Courant Book Editor

Hartford Courant
Sunday February 17, 1985

Their call rings out like the cry of so many comic book heroes: “We are the Teenage Mutant Ninja Turtles. We strike hard and fade away into the night'”

Well, OK. you may not immediately recognize the cry of “Teenage Mutant Ninja Turtles” unless you read and collect comic books. In which case, you recognize the “Teenage Mutant Ninja Turtles” (Mirage Studios: $1.50 ) as one of the big successes of the underground comics business.

The cartoon turtles are a kind of takeoff on popular comic book themes such as teenagers and mutants and samurai-type comics such as “Ronin” that basically follow the same plot as any kung fu movie.

The turtles, according to the story, were raised by a savvy Japanese rat named Splinter after a chemical spill caused them to grow to human height, weight and intelligence. Splinter taught them the martial arts of the ninja (assassins) and named them after Renaissance painters: Leonardo. Michelangelo, Donatello and Raphael. Also like a lot of comic book heroes, they’re dedicated to truth, justice and the American way. But they have to keep a low profile because they figure a lot of humans just wouldn’t understand a 6-foot turtle wielding a katana (Japanese warrior’s sword.)

The two creators of “Turtles” are illustrators Peter Laird, 31, and Kevin Eastman, 22, of Sharon, who worked on issue No. 1 last May when both were living in Dover. N.H. They printed 3,000 copies, hoping to sell only enough to make their printing costs. “We were worried we’d print 3,000, sell 300, and burn the rest of them to keep warm through the winter,” Laird says. Instead. all 3,000 sold in a month and a second printing of 3,000 copies sold out as well. Two printings of issue No. 2, which hit the streets in December, have sold out – a total of 45,000 copies.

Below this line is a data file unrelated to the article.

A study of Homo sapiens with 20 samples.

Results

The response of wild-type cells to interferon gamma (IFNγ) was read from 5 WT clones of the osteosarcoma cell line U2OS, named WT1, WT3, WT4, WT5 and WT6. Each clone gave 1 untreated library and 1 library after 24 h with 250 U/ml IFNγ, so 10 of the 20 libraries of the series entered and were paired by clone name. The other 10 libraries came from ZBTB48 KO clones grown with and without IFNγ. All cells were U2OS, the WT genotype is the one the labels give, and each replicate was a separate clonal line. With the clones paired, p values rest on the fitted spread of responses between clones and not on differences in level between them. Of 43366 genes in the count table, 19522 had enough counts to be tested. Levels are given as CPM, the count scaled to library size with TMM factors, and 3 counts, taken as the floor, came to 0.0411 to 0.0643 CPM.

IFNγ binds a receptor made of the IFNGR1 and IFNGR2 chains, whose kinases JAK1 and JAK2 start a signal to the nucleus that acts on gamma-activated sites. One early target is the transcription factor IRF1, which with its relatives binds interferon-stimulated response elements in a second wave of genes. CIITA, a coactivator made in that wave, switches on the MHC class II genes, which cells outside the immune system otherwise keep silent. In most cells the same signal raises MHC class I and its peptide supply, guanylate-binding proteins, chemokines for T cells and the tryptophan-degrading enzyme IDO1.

“Right now it’s going fabulously,” Laird says. “It’s a lot better than we envisioned.” He and his wife moved to Sharon in August so his wife could begin a job teaching English in Falls Village. Mirage Studios, the result of the Laird-Eastman collaboration, is in Laird’s home there, and Eastman has just moved to town.

Harold Kinney, who sells new comics and back issues at his East Hartford bookstore, The Bookie, says the “Turtles” success is especially remarkable because the two issues have been black-and-white comic books sold only in stores with large comic book sections not drugstores or newsstands. “Most of the kids are pretty much boxed into the name comics,” he says. “To get something like this with something that’s been put out as a goof, they did well.”

This all started innocently enough, says Laird, who met Eastman three years ago when both lived in Northampton. Mass. They shared a taste for comics, became fast friends and toyed with the idea of a comic book of their own. Last year, Eastman drew a couple of turtles and then drew in the Oriental weapons of samurai comic heroes. They both liked the characters so much they decided to write a story around them, and “Teenage Mutant Ninja Turtles” was born.

Now they’re in the thick of writing issue No. 3, and spending most of their time writing, drawing and even planning reprints of back issues to fill the demand. “We have [story] ideas plotted out to issue No. 6.” Laird says. “After that, the story could go anywhere. We just want to make an interesting book that’s fun to read.”